By Bill Hirschman
New figures show that the COVID-19 pandemic continued to gut punch the arts community in Miami-Dade County through last month with a total loss estimated at nearly $43 million and costing more than 5,300 jobs across the non-profit and cultural organizations, the county reported Tuesday.
The figures from the county’s survey of area groups covering March and April reported a direct loss of roughly $20 million to $22 million for each month – which does not include the larger economic loss to the region from companies whose business relies on an active arts scene.
“The survey confirms what we know to be the case: the situation continues to grow worse,” wrote Michael Spring, director of the Miami-Dade County Department of Cultural Affairs, which conducted the survey. “The challenge continues to be to find ways for arts organizations to survive long enough for effective solutions to be developed both for the health issues and for audiences to feel confident about enjoying life and the arts again – together. It still is too early to tell how long this will take.”
He underscored the dire situation: “These tremendous losses are clear indicators of the serious, relentless effect that the pandemic is having on the very survival of our cultural life. We are more determined than ever to work together so that the re-activation of our lives and the community’s economy has the indispensable benefit of our vibrant and internationally renowned cultural scene. The arts are a vital contributor to attracting a talented workforce, giving us a competitive edge for tourism, and making this a great place to live. We simply cannot afford to lose our outstanding artists and cultural organizations.”
Earlier this month, County Mayor Carlos Gimenez authorized the partial re-opening of a small slice of the cultural activities: non-profit museums and public gardens that choose to open. The effect that will have on the May figures is unknown, obviously, but it does not affect events like events at theaters and the like.
The COVID-19 Survey of Impact on Miami-Dade County’s Cultural Community of about 208 non-profit arts and cultural organizations, including but not limited to theaters, totaled $42.9 million in reported losses for the two months. The survey reflected 5,377 arts and cultural jobs lost through layoffs and furloughs of employees, or elimination of contracted positions.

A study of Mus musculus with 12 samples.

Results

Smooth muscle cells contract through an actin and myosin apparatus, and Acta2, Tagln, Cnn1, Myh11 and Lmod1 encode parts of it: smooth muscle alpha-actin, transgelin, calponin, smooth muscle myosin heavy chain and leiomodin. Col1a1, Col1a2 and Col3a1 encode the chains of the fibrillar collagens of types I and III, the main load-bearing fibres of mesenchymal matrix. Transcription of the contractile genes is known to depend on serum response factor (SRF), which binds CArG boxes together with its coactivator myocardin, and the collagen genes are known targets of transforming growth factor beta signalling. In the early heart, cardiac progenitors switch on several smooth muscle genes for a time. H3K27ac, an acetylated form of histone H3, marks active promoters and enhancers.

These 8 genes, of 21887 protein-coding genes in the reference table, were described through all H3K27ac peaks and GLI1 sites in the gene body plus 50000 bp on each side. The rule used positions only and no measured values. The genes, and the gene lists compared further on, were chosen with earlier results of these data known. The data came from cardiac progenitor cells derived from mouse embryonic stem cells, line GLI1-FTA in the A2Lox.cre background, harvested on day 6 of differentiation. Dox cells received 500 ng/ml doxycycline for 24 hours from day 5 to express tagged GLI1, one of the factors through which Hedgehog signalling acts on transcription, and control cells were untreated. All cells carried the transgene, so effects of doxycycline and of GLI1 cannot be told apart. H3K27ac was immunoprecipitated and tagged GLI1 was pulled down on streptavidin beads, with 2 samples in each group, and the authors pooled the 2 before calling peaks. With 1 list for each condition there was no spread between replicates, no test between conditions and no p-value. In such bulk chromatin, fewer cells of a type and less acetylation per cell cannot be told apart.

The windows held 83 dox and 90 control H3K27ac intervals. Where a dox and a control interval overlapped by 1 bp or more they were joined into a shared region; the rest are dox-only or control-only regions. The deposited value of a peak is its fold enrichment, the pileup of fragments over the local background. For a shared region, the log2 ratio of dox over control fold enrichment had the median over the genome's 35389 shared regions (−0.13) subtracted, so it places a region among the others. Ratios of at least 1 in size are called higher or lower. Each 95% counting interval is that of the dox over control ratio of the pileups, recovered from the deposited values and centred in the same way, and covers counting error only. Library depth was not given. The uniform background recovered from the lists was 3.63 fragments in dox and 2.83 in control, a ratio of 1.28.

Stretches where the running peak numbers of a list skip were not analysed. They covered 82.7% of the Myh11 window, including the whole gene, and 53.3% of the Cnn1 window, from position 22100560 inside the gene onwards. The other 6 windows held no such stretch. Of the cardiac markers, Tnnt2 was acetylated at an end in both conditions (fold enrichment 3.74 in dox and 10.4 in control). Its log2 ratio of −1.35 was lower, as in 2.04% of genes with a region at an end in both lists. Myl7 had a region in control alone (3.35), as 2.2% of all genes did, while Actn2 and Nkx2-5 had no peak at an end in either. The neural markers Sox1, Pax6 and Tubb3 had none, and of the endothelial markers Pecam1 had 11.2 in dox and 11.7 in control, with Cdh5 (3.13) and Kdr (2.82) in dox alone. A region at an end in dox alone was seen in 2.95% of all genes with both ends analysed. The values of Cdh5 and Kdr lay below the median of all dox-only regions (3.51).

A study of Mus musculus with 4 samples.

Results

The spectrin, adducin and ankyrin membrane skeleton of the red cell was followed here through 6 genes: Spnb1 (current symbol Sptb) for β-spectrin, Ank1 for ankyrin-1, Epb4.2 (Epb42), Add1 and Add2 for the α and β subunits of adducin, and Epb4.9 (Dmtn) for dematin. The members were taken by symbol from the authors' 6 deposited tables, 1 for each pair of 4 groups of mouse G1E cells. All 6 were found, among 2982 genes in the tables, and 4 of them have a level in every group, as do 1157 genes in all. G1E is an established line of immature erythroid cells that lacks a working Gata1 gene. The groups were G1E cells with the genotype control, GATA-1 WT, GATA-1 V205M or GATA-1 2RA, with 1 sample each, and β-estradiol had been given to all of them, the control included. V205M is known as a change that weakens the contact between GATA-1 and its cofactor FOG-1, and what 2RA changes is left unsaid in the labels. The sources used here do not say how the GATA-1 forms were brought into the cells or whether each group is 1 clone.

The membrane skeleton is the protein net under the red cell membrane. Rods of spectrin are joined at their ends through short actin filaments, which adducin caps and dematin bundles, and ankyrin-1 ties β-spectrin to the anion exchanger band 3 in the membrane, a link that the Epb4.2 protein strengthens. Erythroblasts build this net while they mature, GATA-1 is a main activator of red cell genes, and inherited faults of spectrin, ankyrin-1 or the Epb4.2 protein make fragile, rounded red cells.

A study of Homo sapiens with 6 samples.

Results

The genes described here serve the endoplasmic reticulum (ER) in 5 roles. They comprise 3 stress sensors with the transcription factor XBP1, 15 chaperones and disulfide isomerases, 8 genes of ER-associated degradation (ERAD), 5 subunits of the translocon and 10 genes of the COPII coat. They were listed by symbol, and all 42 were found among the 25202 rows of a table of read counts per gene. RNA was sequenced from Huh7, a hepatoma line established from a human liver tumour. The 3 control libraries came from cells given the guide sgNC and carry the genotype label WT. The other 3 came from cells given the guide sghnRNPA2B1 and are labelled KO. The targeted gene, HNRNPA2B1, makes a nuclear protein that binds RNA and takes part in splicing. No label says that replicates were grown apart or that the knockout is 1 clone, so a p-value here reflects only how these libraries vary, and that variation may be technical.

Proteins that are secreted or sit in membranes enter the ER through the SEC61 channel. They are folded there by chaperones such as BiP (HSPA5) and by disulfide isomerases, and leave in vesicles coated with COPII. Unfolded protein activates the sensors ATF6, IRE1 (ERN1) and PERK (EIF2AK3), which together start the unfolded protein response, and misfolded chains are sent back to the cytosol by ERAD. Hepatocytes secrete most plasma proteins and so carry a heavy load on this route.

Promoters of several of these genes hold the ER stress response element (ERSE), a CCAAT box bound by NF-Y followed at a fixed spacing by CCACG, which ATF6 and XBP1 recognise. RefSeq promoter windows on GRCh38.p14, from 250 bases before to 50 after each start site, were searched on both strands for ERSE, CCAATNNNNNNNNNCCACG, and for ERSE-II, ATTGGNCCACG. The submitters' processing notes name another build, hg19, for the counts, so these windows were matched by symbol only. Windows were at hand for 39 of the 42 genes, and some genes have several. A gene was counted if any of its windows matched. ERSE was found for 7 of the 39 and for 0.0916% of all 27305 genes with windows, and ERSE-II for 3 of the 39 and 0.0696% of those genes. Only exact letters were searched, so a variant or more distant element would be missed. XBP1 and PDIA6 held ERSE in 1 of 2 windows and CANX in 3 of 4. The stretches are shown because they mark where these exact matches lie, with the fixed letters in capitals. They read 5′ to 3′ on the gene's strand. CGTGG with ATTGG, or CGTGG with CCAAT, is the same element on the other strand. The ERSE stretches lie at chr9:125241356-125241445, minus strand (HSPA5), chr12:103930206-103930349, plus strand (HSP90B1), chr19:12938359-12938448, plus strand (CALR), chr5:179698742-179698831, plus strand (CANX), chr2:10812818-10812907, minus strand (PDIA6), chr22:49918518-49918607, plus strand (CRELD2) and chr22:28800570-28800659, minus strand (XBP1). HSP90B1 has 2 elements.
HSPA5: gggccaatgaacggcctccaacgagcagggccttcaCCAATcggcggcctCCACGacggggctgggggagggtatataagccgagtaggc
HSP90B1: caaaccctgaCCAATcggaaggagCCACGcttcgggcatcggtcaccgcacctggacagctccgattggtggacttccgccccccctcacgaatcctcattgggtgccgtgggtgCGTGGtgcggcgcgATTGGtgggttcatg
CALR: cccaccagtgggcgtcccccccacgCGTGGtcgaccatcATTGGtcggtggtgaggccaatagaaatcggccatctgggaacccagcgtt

That total reflected $22.8 million in March and $20.1 million in April.
Those figures are comprised of three categories: revenue loss from facilities being closed, revenue loss from cancellation of events and programs, and the expense of dealing with the virus, such as cleaning facilities.
The closure loss rose from $5.7 million in March to an additional $7.1 million in April for a total of $12.8 million.
The event loss dropped from $14.9 million to $11.4 million for a total of $26.3 million.
The COVID expense went from $2.3 million to $1.6 million for a total of $3.9 million.
Especially noticeable was the effect on the workforce: 1,700 in March, then another added 3,677 in April for a total of 5,377.
The April survey asked which of the 208 responding organizations had applied for what kind of public/private aid, and how those efforts turned out as of the reporting date. The department noted that many Miami-Dade based cultural organizations were not eligible for the CARES Act funding available through the National Endowment for the Arts and through the National Endowment for the Humanities.
—45 percent of respondents applied to the Small Business Administration Paycheck Protection Program (PPP); 65.9 percent of those who applied received a loan, resulting so far in $14 million.
—Only 20 percent of those surveyed applied to the National Endowment for the Arts CARES Act Program; 45% were ineligible to apply.
—15 percent were planning on applying to the National Endowment for the Humanities CARES: Cultural Organizations Program by the May 11 deadline; 47 percent were ineligible to apply.
—23 percent of respondents applied to the SBA Emergency Injury Disaster Loan (EIDL) program; no results were available yet.
—46 percent have completed the Nonprofit Interest Form for The Miami Foundation Community Recovery Fund (with additional support provided by the John S. and James L. Knight Foundation and The Jorge M. Pérez Family Foundation).
Spring wrote, “The total of $14 million in PPP loans secured by arts organizations will help extend their survival but does not come close to addressing their documented losses and the additional funds that will be needed to eventually re-open safely.”